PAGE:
I remember when my mother was in the hospital, the night they removed her from the breathing machine, we were all in her room. It was the room they transferred her to from the ICU while they were trying to convince the family that there was no point in drawing out the inevitable. They extubated her and put her on a BPAP machine instead. The machine was really there to give the family time to adjust to the fact that her lungs didn’t function well enough for her to breathe or live on her own, and we found out that even on this machine, she still wasn’t receiving enough oxygen to remain conscious.
We were all in her room which seemed like a dark, quiet corner of the hospital. A part of the hospital where people go to wait to die. The staff had finally convinced my family that the way to see if my mother would be able to live was to take her off of even the BPAP and see what happens. I knew what would happen, but the silence when they turned off the breathing machine and took the mask off of her slack face was deafening. She continued to breathe that night in tiny short gasps, her body so wasted that you could barely tell that she was in the bed. I was holding my older brother’s hand, and I looked up at him. He was looking back at me with wide, wet eyes, and at first I thought he was having second thoughts, but he told me later why he was so scared.
“I don’t want to be in there when it happens.”
And that’s when it occurred to me that he hadn’t been there when my father died.
In fact, neither of the boys had. My mother had woken the girls up from where we were dozing in the hospital waiting room, and left my little brother there sleeping… I don’t recall if my older brother had even been in the hospital. He wasn’t close to my father, and for very good reason. She brought all of the girls into my father’s hospital room, and I saw the number on the heart monitor and I couldn’t believe it was that low. They explained to us that even if the body recovered, the brain would never be the same. They shut off the machines, and pulled the tube from his throat, and his lungs were so ravaged by the cancer that had riddled his body that as he died, the convulsions of death forced bloodstained fluid out through his mouth, and caused gurgling and rattling noises. It was terrifying, and I remember my oldest sister tried to catch me as I ran from the room.
I had had this experience, and so I anticipated my mother’s death, not with fear, but with a sort of resigned dread. In my family, it is the women who usher people in to and also out of life. My mother told me once that this is a very old Irish tradition, and I don’t know if that’s true or not, but it was tradition in her family and so it was tradition in ours.
So my older brother was terrified that when they took my mother off of the breathing machine and her tiny breaths were the only noise left in the room, that she was going to die right there. It was a possibility, to be sure. She could have died in seconds, or it could have taken days.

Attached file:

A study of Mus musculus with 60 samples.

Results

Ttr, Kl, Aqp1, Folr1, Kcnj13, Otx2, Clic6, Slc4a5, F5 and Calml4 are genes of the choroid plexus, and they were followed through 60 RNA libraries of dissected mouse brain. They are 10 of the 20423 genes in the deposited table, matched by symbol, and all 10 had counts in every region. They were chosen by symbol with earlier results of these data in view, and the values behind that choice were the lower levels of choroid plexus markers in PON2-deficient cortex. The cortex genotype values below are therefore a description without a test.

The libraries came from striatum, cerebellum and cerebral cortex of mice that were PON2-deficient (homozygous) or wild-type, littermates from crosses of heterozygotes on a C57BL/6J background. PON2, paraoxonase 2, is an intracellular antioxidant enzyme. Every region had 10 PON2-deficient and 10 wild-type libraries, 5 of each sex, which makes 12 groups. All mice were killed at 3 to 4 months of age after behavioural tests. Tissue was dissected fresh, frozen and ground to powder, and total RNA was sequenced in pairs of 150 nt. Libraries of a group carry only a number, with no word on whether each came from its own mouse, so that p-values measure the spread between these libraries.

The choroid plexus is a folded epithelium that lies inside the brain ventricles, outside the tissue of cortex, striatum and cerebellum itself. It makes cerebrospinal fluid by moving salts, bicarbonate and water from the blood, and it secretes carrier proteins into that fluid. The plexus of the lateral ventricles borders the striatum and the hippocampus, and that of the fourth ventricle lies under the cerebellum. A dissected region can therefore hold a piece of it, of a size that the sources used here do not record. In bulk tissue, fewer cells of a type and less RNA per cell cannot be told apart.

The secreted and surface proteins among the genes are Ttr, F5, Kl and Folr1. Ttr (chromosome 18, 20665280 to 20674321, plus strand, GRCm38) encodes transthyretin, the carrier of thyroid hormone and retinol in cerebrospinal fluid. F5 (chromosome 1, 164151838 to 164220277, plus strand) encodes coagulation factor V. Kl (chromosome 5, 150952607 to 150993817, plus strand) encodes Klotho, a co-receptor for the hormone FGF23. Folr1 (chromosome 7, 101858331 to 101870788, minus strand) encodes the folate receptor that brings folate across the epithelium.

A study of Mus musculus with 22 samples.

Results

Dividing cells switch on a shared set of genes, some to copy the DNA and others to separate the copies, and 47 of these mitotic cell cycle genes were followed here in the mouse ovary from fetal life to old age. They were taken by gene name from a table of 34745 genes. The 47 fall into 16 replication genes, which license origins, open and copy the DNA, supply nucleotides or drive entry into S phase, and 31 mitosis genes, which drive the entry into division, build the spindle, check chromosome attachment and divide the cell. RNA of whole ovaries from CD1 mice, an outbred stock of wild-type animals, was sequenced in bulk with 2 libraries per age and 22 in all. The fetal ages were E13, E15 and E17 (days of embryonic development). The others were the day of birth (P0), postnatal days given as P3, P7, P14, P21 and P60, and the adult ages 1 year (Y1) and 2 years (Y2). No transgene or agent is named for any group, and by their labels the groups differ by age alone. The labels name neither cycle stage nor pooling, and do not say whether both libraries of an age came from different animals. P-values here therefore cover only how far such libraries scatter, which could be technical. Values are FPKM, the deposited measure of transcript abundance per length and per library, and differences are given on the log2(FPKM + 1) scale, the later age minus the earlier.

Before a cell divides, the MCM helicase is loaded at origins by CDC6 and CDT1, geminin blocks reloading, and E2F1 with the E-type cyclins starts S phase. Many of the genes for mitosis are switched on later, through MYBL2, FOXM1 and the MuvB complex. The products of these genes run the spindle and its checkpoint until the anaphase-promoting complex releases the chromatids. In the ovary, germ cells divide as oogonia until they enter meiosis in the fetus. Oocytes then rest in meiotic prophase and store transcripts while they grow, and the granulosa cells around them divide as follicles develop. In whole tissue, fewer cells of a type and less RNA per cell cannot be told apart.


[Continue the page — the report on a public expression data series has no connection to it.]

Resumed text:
We sat with her in this hospital room, playing chicken with death, none of us wanting to be the first to leave. We didn’t want to run the risk of leaving some sibling there alone with death in the room. We had all been at the hospital all day, every day, for weeks, holding this strange vigil. We were exhausted.
I think it was my older sister who said she had to go first. Our Aunt told us we could go, and that it was fine and that she would stay with mom. So we all left. We went to our homes, or hotel rooms, and went to bed.
Mom died very early the next morning. My Aunt called and told us, and we all gathered at the hospital. I picked up coffee on the way, feeling no immediate sense of urgency. At the hospital, there was a sign on my mother’s room door that read, “Please check with nursing staff prior to visiting. Not accepting visitors at this time.” I went inside; the sign wasn’t for me.
Inside my mother’s body lay on the bed, looking strange and ghastly and saurian. My Aunt fussed at her bedside, saying she could feel my mother’s soul leaving. The body was growing cold; the blood had drained from her face. I stayed as long as seemed decent… my Aunt was not communicating with us in any meaningful way; she was lost in the death, doing whatever emotional gymnastics she needed to get through what was for her a catastrophic event. In the end, none of the children had to witness my mother’s death, and I think that’s for the best… although my mother would have wanted us all there, sleepless and teary-eyed and terrified. She would’ve found that suffering to be a fitting tribute.
Ushering people through the process of death is important. It is a terrifying thing for the dying to have to go through alone. Even with a woman in my mother’s state of decline, it’s possible she felt some comfort from having a human voice in the room at the time of her passing. But it is also a terrifying thing to do and I don’t at all blame my brother for being afraid. If I had known that was why I had been ushered into my father’s hospital room, I might have refused to go. While it may seem cruel for my mother to have made my sisters and I do that, it is an experience that I value having, because it allowed me to face the possibility of watching my mother die without terror. I dreaded it, yes, but death had some of its mystery taken away, and with it some of its power to inspire fear. If my brothers had had to witness it, I know I could’ve held their hands and been brave.